Carl Braun, an
All-Star With the Knicks, Dies at 82
Playing for the Knicks at the old Madison Square Garden, Braun led them in scoring in his first seven seasons, relying on a two-handed set shot launched from above his head. He teamed in the backcourt with Dick McGuire, a brilliant playmaker, who died on Feb. 3 at 84.
When Braun joined the Knicks out of Colgate University in 1947, the N.B.A., known then as the Basketball Association of America, was in its second season. College basketball ruled New York, and the Knicks played some of their games at the 69th Regiment Armory court, at Lexington Avenue and 25th Street, because they were hardly likely to fill the seats at the Garden.
But Braun, 6 feet 5 inches and 180 pounds or so, could put on a show. On Dec. 6 of his rookie season, he set a league scoring record with 47 points in a road game against the Providence Steamrollers.
Braun emerged as the Knicks first star, playing for Coach Joe Lapchick with teams that included long-remembered figures like McGuire, Harry Gallatin, Sweetwater Clifton, Vince Boryla and Ernie Vandeweghe. He was an All-Star every season from 1953 to 1957.
Braun coached the Knicks during his final two seasons with the team, then joined the Boston Celtics and played on their 1962 N.B.A. champions.
Playing for the Knicks from 1947 to 1961, except for two years of Army service, Braun averaged 13.5 points per game. Although he played the first half of his career before the advent of the 24-second shot clock, which changed the professional game from a plodding affair to a high-scoring spectacle, his 10,449 points as a Knick puts him fifth on the teams career list. He was often among the top 10 scorers in the league. Last March he was honored by the Knicks as one of what they called their franchise Legends.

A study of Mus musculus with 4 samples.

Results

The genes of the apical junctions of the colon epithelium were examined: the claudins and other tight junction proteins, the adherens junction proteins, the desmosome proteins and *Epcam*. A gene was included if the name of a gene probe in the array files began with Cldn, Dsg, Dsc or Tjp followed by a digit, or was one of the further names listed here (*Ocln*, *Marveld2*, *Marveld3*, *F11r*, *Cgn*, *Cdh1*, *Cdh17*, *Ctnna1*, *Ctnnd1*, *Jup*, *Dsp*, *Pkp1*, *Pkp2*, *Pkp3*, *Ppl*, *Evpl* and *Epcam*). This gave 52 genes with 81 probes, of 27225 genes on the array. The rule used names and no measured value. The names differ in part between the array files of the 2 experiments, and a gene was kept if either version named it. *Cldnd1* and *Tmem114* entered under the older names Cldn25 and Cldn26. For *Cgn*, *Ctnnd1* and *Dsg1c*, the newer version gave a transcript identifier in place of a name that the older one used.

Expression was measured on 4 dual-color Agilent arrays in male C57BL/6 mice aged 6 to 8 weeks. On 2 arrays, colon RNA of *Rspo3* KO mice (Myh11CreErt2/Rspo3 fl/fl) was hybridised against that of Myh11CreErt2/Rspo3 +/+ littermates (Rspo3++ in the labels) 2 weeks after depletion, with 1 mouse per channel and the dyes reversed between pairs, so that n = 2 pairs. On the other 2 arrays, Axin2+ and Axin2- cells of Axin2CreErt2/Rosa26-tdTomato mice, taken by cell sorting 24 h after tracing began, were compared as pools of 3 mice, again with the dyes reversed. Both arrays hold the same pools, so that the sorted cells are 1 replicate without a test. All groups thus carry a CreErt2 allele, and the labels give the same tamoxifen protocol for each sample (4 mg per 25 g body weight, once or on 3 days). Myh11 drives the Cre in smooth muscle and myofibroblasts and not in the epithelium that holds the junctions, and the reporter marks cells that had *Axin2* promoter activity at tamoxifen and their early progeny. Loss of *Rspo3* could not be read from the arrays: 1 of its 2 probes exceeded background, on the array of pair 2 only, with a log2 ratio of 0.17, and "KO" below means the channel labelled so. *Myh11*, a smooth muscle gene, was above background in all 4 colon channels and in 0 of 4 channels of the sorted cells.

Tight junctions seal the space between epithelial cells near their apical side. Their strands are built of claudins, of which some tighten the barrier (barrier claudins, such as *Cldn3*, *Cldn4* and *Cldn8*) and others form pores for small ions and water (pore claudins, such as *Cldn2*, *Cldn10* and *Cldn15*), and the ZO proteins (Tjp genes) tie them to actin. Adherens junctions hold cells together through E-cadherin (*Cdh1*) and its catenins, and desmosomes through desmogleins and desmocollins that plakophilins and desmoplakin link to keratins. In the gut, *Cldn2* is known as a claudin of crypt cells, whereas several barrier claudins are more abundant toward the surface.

Braun was born in Brooklyn and moved with his family to Garden City on Long Island as a teenager. He pitched briefly in the Yankees minor league farm system, but a sore arm ended his baseball career.
After retiring from basketball, Braun was a Wall Street stockbroker. He retired to Florida about 25 years ago.
In addition to his daughter Susan, he is survived by his wife, Joan; his daughters Patricia, Nancy and Carol; and six grandchildren.
When Braun was starring for the Knicks, the N.B.A. still had franchises, like the Syracuse Nationals, that played in medium-size cities in small arenas where the fans were intensely hostile to visiting players.
In the winter, for the people of Syracuse, basketball was their life, Braun told George Kalinsky for his book The New York Knicks: The Official 50th Anniversary Celebration.
Those folks were merciless. I can remember running down the court and having cigarette butts flipped at me as I went by. Live ash that got me in the legs and smarted.